A surgeon emailed me the following:.

OK, I know this is radical but consider my argument…

Medical licensing protects no one and costs physicians hundreds to thousands of dollars each year. If a physician is negligent, can the injured party sue the state that licensed him? I’m guessing not.

When I moved to my current location, I had to send lots of documentation to the state medical board so they could verify that I was a true and competent surgeon. I provided my employer with the same info so they could also verify my credentials. Now my employer can and will get sued if I commit a negligent act and absolutely should verify my credentials prior to handing me a scalpel. But the state? Its license is useless.

Most people choose a surgeon based on recommendations and word-of-mouth reputation, and these are by far better indicators of quality than any credentialing board. Nobody asks to see my license, and, even if they did, it would not protect them any more than their trust in the health system in which I work.

If I was in private practice and had my license displayed on my wall, it may give some reassurance to my patients, but it does not say anything about the quality of my work. Most doctors who really screw up due to negligence are licensed by the state.

I contend again, that word of mouth and reputation are the best indicators of a surgeon’s ability, anything beyond that is useless.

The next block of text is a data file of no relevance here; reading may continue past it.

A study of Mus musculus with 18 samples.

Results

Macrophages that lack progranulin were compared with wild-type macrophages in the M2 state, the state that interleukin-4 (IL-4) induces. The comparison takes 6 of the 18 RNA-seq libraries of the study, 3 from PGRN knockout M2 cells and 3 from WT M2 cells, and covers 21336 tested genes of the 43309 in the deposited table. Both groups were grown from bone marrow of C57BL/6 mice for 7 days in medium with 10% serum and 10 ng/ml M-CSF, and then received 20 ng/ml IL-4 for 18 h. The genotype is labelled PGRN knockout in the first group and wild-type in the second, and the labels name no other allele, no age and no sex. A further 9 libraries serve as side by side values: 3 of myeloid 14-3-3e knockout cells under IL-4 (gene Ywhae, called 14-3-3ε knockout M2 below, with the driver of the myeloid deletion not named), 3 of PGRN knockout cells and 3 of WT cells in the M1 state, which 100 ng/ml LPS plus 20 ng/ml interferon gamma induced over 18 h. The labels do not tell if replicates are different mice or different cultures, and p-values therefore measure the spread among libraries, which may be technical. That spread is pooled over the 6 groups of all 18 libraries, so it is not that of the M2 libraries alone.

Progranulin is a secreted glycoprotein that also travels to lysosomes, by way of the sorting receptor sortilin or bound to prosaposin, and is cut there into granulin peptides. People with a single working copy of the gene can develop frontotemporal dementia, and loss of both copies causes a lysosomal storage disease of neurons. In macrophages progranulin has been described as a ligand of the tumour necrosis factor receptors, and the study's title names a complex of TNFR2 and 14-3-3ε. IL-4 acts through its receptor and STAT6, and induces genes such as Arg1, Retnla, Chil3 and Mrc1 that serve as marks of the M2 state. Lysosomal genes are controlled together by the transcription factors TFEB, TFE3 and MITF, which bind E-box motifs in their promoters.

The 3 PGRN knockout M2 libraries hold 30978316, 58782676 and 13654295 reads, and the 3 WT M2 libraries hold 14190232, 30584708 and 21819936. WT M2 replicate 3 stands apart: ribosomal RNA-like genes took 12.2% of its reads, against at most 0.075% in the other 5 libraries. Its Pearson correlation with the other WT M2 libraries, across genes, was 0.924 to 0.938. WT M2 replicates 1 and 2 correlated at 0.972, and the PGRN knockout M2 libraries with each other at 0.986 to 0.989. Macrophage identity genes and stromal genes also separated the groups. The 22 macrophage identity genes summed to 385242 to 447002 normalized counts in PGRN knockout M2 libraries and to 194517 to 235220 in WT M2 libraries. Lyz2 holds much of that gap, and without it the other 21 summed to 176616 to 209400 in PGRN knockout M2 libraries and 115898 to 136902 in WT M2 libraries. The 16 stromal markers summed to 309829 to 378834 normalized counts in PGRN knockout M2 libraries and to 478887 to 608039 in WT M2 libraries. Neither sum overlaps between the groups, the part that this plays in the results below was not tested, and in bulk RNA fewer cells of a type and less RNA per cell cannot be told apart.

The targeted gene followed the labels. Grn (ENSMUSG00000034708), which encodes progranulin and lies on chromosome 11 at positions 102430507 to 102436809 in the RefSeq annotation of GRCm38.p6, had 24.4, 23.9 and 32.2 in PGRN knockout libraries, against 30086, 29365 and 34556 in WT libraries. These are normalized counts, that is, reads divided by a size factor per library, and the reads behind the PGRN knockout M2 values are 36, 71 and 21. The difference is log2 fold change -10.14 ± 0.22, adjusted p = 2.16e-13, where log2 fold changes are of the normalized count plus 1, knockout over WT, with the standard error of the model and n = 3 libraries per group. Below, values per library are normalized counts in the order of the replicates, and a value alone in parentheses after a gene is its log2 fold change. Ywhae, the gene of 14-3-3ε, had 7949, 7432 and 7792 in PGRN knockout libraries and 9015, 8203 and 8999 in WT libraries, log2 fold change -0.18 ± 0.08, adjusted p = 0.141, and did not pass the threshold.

Caveat emptor, “let the buyer beware” remains the mantra of the informed consumer.

Thanks for letting me vent.

Of course this is a bit of exaggeration to make a point. We obviously need some sort of medical licensing or the public would not know if we were the same as the “butt enhancement” people who operate out of motel rooms.

But it’s true that we—doctors and the public—don’t get much bang for our buck. As I mentioned in my post about the Texas neurosurgeon who ran amok before that state’s medical board took action, licensing fees are generally used by most states as a type of tax.

For example in the state of Texas, only $11 million of the $40 million in licensing fees collected per year goes to the medical board for policing the profession. The rest is left in the state’s general fund.

My state also uses medical licensing fees as a tax rather than as a means to run a more effective medical board. I wonder how many other states do the same thing?

The surgeon who sent me this email has the same conclusion as a researcher who recently found no relationship between hospital quality and patient satisfaction.

As the article about that paper states, “He [the researcher] suggested choosing a hospital the old-fashioned way: find a doctor you trust and ask for a recommendation.”

PS: I’m surprised that lawyers haven’t thought of suing states for allowing bad doctors to keep licenses.

Skeptical Scalpel is a retired surgeon and was a surgical department chairman and residency program director for many years. He is board-certified in general surgery and critical care and has re-certified in both several times. He blogs at SkepticalScalpel.blogspot.com and tweets as @SkepticScalpel. His blog averages over 1400 page views per day, and he has over 10,300 followers on Twitter.